Buddhist Arts - a photographic journal

Temple No. 820

Temple No. 820, Bagan, Myanmar

Some History

Temple No. 820 was built in the 11th or 12th century judging by architectural style. The stucco work appears to be unusual to this time. It is located in a settlement called Otein Taung or O-hein-taung. 

Bob Hudson, NyeinN Lwin, AND Win Maung in an article published in  Asian Perspectives, Spring 2001 – “We now propose a tentative history of Otein Taung, based on a combination of archaeological evidence, notably the radiocarbon dates, and data from the Inventory of Monuments. It appears that by the ninth century A.D. people in this area had begun to create an accumulation of debris involving pottery and burnt carbon-based materials. In the twelfth century, the settlement appears to have supported the construction of a large temple, monument 820, halfway between the two mounds, by ceding land and by providing resources in the form of bricks.” They go on to describe this temple further,   as being built with Pyu bricks “across the time span of medieval Bagan, including the large temple, 820, in the center of the Otein Taung site.”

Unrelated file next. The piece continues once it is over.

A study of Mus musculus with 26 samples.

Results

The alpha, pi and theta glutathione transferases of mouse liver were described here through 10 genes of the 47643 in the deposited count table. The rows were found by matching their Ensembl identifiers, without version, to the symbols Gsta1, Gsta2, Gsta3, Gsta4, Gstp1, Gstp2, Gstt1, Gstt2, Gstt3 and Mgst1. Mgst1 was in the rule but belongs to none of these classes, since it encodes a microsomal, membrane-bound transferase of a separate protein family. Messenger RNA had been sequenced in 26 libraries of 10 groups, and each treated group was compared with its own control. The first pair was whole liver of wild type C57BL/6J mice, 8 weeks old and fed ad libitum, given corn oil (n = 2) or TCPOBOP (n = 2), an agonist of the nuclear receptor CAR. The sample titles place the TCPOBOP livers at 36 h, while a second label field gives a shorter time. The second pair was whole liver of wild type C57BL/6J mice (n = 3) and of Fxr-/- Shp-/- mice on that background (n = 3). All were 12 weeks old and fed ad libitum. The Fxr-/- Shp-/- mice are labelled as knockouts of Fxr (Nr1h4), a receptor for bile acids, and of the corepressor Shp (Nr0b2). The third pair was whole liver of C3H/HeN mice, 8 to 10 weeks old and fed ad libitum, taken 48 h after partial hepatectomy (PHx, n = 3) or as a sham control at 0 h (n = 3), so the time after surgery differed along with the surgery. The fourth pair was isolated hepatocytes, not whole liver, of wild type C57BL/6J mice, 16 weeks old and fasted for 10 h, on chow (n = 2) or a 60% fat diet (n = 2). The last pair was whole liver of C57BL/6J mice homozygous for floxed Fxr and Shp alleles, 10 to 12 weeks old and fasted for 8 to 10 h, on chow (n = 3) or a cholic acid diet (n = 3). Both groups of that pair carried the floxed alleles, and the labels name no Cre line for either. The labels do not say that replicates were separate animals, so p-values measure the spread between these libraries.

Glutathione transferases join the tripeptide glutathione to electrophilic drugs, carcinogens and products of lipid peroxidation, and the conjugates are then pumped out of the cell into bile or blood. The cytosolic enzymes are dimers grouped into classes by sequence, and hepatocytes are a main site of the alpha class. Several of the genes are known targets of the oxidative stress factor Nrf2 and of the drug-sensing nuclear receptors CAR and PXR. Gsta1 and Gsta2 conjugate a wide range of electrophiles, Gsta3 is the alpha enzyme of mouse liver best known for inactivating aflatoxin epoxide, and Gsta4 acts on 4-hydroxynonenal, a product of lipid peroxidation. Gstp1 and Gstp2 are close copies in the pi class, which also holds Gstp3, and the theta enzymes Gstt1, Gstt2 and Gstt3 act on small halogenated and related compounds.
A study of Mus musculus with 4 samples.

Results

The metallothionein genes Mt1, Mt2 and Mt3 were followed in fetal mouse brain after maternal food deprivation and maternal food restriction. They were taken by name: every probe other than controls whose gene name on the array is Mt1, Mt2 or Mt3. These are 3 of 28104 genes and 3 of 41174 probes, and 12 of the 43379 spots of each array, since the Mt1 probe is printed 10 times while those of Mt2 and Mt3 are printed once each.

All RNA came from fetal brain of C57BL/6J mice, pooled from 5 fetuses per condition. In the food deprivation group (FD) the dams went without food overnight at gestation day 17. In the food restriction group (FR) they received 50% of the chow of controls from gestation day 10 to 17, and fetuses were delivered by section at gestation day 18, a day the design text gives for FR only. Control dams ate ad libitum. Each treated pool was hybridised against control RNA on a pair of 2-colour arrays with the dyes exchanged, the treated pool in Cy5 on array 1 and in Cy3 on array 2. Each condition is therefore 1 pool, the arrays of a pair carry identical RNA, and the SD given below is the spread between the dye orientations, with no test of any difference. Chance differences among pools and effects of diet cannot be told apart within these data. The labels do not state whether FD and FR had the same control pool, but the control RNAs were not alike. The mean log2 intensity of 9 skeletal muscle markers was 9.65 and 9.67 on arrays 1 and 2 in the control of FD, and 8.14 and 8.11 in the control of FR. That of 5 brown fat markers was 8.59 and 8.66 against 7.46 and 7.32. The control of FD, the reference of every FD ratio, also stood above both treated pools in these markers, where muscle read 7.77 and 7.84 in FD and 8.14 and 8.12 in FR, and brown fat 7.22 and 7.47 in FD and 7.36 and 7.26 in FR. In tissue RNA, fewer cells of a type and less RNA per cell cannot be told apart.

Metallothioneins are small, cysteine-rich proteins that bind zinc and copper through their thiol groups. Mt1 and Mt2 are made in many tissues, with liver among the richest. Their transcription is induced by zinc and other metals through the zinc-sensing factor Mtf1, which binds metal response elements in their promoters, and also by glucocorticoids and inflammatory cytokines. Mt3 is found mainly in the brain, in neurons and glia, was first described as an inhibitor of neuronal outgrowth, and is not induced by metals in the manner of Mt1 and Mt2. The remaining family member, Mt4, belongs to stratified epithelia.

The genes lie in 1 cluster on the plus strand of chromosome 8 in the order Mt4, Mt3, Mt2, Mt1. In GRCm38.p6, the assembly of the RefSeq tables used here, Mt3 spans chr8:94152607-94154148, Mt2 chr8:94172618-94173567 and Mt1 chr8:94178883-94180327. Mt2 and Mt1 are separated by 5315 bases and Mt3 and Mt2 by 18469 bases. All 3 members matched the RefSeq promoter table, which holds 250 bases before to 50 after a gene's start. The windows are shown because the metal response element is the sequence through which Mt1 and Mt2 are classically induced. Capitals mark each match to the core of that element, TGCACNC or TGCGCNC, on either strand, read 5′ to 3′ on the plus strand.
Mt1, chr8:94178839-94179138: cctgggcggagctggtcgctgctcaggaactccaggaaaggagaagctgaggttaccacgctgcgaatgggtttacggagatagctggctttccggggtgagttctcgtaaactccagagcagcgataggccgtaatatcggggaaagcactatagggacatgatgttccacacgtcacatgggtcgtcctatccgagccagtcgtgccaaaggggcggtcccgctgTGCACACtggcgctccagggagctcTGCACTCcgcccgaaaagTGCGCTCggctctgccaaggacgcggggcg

Destruction & Renovation

Temple 820 was renovated “at a cost of 120 lakhs of kyats which was donated by Venerable Shi Fa.” [Minbu Aung Kyaing, “Guide to Bagan Monuments”, p. 129]. I have no idea how much money that is.

Pictures  provided by Pierre Pichard, reveal that the SE corner turret was the only turret remaining. You can see it in the picture of the Temple – it is the one that is gray and not built with new bricks. It was filled with debris about 18 feet high. The renovation happened sometime between 1994 when Volume 4 of Pichard’s Inventory was published and 2009, when I took these pictures. I cannot find any indication of the dating of the stucco sculptures inside, but this style of stucco art was popular when 820 Temple was built.